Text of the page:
April 27, 2012

There are signs that the national economy may be slowly digging its way out of its long-term slump, and now could be a good time to review fixed business expenses with an eye toward stability and predictability.

One possible consideration would be installation of a solar power array for business energy uses. There are a number of reasons why solar power can help provide business energy and consistency is one of them.

Businesses don't like uncertainty. Yet one of the most basic of business needs — energy to operate myriad machines from the office to the factory floor, or to heat work spaces and provide hot water and light – can become one of the most uncertain areas of the balance sheet as energy prices fluctuate. Uncertainty over energy costs can play havoc with budgets.

But there is good news on the alternative energy front. First, installation of solar arrays is looked on favorably by tax collectors on both the state and federal levels. Also there are many incentives to convince businesses to start looking into alternative energy sources and solar is foremost among those sources to benefit from these incentives.

Connecticut, for instance, has incentives to attract business to the state and to keep existing businesses there. These include loans and rebates, sales tax exemptions and reductions, and utility loans and rebates. Even local communities are involved in helping local businesses reduce their operating costs through use of alternative energy such as solar.

Likewise, in Massachusetts, there is a broad array of tax incentives and rebates, offered both by state and local governments and the utility companies that serve the state. Massachusetts also provides excise tax deductions and exemptions for businesses installing solar power systems.

At the federal level the tax credit for solar installation is equal to 30% of expenditures, with no maximum credit. Eligible solar energy property includes equipment that uses solar energy to generate electricity, to heat or cool (or provide hot water for use in) a structure, or to provide solar process heat.

In addition, hybrid solar lighting systems, which use solar energy to illuminate the inside of a structure using fiber-optic distributed sunlight, are eligible although passive solar systems and solar pool-heating systems are not eligible.(1)

Most credits are for eligible projects that are placed in service on or before
December 31, 2016, which provides plenty of time to gather information, study the applications that may apply for your firm and explore all relevant costs.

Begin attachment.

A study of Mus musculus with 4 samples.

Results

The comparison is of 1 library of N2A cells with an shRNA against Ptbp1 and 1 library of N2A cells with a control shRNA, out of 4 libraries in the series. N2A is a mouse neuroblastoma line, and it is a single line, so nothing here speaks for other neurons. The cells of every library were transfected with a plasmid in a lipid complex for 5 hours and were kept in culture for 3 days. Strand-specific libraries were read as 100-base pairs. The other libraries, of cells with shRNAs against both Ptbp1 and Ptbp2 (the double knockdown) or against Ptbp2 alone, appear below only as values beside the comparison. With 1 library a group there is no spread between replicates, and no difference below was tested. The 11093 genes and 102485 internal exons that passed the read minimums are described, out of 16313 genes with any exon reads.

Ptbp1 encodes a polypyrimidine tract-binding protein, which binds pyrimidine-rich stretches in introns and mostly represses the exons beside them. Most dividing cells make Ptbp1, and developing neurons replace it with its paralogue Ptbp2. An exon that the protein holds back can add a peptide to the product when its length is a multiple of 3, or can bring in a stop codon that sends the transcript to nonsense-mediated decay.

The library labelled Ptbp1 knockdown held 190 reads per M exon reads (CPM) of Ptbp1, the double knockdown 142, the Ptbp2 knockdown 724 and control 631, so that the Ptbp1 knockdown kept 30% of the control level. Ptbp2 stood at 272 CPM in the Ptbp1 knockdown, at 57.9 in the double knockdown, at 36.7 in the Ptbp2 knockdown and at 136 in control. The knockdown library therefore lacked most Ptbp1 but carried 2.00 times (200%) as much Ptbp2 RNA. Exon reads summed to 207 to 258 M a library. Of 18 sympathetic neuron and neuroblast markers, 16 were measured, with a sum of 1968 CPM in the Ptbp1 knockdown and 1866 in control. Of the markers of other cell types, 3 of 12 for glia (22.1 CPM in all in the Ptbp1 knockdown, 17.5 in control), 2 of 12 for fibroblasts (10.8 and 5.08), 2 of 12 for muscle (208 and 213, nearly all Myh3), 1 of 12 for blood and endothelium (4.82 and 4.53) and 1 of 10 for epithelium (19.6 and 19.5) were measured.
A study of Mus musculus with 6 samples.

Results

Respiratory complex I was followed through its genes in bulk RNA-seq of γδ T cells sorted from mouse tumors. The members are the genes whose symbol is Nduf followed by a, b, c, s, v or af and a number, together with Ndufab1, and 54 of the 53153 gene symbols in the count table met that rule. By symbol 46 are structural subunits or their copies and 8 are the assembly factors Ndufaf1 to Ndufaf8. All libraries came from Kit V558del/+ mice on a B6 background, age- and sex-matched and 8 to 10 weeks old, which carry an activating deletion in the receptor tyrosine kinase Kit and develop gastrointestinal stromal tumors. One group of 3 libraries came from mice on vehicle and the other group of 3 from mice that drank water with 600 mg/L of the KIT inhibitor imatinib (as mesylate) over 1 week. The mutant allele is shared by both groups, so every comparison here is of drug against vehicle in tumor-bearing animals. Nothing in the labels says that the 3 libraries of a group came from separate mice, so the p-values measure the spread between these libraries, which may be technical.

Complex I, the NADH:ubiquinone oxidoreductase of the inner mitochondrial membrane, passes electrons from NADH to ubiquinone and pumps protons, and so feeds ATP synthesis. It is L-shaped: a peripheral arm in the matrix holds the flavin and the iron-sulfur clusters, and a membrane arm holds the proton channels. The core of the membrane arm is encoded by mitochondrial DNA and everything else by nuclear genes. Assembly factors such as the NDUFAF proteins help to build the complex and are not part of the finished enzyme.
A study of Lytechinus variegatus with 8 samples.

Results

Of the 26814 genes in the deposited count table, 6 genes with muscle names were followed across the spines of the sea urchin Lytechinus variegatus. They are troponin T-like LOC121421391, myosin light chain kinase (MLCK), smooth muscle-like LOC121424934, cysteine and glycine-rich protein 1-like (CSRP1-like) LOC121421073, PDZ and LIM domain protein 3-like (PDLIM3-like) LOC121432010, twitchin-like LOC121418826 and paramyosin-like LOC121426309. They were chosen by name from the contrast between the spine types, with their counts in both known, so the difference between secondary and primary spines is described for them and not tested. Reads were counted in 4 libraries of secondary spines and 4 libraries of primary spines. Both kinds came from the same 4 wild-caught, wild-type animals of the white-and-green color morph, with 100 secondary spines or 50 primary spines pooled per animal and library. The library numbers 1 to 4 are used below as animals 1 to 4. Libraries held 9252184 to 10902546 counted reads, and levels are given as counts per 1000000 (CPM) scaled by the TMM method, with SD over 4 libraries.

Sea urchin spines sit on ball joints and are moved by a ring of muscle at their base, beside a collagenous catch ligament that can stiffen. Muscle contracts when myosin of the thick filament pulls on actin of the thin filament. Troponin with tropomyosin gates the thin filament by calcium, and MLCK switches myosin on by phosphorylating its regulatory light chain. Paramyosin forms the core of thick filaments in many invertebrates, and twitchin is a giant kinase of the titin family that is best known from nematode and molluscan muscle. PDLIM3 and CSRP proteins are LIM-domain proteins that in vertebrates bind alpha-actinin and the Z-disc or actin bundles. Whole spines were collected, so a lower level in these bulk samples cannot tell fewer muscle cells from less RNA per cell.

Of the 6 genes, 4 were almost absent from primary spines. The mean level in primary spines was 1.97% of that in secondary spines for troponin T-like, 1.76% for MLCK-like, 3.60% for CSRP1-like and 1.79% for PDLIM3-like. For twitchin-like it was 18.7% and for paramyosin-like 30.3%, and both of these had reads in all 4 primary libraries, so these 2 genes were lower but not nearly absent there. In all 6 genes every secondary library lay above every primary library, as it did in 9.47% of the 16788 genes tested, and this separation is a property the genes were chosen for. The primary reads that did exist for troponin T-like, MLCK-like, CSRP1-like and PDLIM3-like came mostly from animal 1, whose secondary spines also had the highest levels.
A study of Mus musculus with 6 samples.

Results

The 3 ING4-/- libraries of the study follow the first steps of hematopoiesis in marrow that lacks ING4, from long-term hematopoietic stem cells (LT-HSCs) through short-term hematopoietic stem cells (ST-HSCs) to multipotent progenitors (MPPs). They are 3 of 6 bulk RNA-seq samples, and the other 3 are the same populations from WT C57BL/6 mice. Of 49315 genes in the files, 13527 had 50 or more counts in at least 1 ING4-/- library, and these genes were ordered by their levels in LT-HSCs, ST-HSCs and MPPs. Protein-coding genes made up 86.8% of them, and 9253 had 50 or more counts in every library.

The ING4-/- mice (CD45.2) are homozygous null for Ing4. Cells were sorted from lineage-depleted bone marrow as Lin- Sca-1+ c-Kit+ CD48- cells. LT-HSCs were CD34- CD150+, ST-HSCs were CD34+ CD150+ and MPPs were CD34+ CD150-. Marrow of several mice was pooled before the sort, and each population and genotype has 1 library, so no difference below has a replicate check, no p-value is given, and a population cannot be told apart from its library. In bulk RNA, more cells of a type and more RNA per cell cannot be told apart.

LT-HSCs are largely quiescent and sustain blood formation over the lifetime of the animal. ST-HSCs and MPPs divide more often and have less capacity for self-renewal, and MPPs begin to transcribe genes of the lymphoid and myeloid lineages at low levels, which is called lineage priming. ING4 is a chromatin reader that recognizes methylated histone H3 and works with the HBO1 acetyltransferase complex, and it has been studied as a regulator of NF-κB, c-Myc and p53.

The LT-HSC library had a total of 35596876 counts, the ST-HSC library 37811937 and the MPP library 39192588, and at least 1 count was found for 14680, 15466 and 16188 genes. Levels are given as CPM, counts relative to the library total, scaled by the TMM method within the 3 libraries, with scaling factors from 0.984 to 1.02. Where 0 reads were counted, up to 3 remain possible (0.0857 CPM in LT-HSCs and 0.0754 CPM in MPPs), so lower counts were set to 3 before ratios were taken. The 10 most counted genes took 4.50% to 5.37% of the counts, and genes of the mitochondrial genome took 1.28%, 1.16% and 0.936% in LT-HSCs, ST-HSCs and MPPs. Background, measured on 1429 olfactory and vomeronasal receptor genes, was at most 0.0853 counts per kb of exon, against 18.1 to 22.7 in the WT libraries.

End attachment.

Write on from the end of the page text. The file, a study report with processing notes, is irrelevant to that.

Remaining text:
Convincing individuals and businesses alike to install solar has been difficult over the past several decades, in part because it was considerably more expensive to generate a watt of solar power than the same amount of electricity through traditional power generation. Also, as long as electricity generated through coal, oil or natural gas sources, as well as nuclear or hydroelectric power was relatively cheap, further research and development on solar generation was limited.

But the relative costs of solar power compared to energy produced from more traditional sources has changed in the favor of solar energy in the last decade or so and solar power has suddenly become a viable alternative. In addition, one of the most misunderstood facets of generating electricity through solar power is the belief that heat is necessary – as in direct sunlight – to provide solar power.

But we don't need heat to stay warm. While there are some solar configurations that rely on heat from direct sunlight, photovoltaic cells generate electrical power with light, not heat, and can work at varying levels so long as light is available. Thus, a somewhat cloudy winter day in the northeast still can provide sufficient light to contribute to the heating needs of a small business.

Depending on the size of the solar array and the type of materials used, sufficient current can be generated to fit the needs of the individual business. And there is another attraction for solar installations – they can be built in remote "off the grid" areas where supplying other forms of power can be difficult.

Solar panels also can be installed on rooftops negating the problem of trying to find the necessary room for them. In recent years solar energy companies also have been able to declare with certainty that they can save their customers money over the long term both because of the expense of traditional electric sources and improvements made in the durability of solar panels.

Although startup costs can be significant depending on the type of solar array needed, the payback in many cases can begin in just a few short years.

Businesses that are considering moving into solar generation should proceed with caution, however. The myriad regulations including building codes and tax write-offs that are involved require assistance from an experienced and knowledgeable professional.

Tax codes have been flexible and can change from year to year, state to state and certainly within the federal tax framework. It is advisable to meet with your financial advisor and explore in depth how the tax breaks and other incentives for solar energy can benefit your business.

A reasonable measure of certainty, especially in terms of energy savings, can go a long way.